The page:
By Stacy Palen

Remnants of the lost city of Cahokia. Credit: Steve Moses/Flickr (CC BY 2.0)


In this article from Scientific American, a climate scientist talks about why she is not reassured by the idea that “the climate has changed before.” This is an opinion piece, but it is worth a read if you have students who raise this argument.


1) The author points out that climate has changed many times in the past. Does that imply that Earth’s climate is sensitive to small changes or insensitive to small changes?

It implies that Earth’s climate is very sensitive to small changes.


2) This scientist is making the case that historical climate change has had dramatic and long-lasting effects on human communities. Do they provide evidence to support this argument?

Yes. The author mentions many examples, from both prehistoric and historic times.


3) The author also makes the case that many factors contributed to these effects. Identify an example of a pre-existing condition that was made worse by natural climate change.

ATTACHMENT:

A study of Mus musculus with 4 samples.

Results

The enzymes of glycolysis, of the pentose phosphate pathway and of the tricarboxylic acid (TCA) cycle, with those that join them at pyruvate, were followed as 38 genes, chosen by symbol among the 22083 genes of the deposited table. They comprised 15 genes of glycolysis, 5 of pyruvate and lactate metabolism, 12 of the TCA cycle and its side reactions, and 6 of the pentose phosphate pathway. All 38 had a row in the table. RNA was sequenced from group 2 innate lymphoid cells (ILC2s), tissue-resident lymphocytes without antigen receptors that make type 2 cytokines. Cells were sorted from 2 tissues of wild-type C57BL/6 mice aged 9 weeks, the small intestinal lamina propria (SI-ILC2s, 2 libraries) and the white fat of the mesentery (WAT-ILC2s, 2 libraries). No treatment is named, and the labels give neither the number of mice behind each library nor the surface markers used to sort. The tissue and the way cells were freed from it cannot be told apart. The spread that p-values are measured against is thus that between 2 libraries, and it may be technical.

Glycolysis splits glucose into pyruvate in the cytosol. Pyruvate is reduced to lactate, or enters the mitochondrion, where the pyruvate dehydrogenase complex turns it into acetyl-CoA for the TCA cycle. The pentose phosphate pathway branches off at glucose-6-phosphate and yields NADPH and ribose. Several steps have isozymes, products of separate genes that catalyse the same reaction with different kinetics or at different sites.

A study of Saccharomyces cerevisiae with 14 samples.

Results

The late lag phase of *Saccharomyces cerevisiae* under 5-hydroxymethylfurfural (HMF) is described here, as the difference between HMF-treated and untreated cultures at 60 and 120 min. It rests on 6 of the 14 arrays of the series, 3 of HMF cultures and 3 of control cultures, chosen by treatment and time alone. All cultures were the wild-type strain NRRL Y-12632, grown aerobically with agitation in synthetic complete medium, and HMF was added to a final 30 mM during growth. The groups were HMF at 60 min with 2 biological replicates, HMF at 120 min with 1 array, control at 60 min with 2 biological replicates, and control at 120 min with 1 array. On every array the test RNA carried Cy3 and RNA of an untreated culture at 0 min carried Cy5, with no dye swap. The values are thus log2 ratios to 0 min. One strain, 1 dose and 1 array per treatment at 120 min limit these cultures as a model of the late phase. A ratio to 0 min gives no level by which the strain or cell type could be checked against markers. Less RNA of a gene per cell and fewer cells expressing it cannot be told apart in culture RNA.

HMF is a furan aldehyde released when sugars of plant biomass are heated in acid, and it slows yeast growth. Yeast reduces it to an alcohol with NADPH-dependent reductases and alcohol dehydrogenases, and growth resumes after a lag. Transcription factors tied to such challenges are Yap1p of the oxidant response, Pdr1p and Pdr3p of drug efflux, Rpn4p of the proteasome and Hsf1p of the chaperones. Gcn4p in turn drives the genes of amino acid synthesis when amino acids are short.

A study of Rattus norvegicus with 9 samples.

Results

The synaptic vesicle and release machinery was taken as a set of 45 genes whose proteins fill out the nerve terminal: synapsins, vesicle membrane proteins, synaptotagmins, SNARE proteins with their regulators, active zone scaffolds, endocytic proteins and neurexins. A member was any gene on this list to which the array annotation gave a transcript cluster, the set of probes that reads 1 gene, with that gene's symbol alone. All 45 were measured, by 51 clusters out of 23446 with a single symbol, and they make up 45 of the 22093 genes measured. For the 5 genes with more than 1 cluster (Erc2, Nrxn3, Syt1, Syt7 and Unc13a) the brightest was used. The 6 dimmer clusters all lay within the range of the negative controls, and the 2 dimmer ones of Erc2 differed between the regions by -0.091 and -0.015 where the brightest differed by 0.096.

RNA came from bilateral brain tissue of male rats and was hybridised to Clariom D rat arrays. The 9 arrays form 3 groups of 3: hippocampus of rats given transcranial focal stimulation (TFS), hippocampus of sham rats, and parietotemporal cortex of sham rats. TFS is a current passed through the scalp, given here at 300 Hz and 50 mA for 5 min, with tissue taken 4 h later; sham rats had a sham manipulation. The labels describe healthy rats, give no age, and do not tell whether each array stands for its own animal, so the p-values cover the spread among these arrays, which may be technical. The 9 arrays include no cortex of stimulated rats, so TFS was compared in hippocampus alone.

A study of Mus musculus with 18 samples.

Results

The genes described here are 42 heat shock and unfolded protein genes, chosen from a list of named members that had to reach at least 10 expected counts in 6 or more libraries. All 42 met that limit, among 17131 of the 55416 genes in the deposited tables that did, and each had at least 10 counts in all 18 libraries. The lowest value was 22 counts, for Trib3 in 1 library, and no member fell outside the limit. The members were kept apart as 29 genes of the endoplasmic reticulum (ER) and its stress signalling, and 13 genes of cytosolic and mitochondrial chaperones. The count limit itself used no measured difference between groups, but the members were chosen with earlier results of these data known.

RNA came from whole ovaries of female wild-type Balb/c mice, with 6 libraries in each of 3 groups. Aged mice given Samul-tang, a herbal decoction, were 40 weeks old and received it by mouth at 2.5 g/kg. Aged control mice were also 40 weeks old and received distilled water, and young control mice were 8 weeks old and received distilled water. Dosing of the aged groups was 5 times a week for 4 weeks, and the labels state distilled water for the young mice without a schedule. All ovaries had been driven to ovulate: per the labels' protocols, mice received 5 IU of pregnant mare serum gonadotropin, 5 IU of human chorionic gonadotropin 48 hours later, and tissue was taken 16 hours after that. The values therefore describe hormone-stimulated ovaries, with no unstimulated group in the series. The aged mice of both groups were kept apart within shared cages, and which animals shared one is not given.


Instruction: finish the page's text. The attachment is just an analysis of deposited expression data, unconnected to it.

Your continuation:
Answers vary, but the overextended Roman empire or inequality in France might be mentioned.


4) Do you see any evidence for a similar pre-existing condition in the country today? Explain.

Answers will obviously vary depending on where you live. This is a small test of how well-informed students are about what’s happening in the larger society.


5) Describe how climate change might impact the condition you noted in (4).

Answers will vary, but should be consistent with their answer to 4. So, for example, if they mention immigration, they might include here a mention of how drought drives migratory patterns.


6) In your own words, explain the argument this scientist proposes that historical climate change should be seen as concerning rather than reassuring.

Answers will vary based on the students’ comprehension of the post.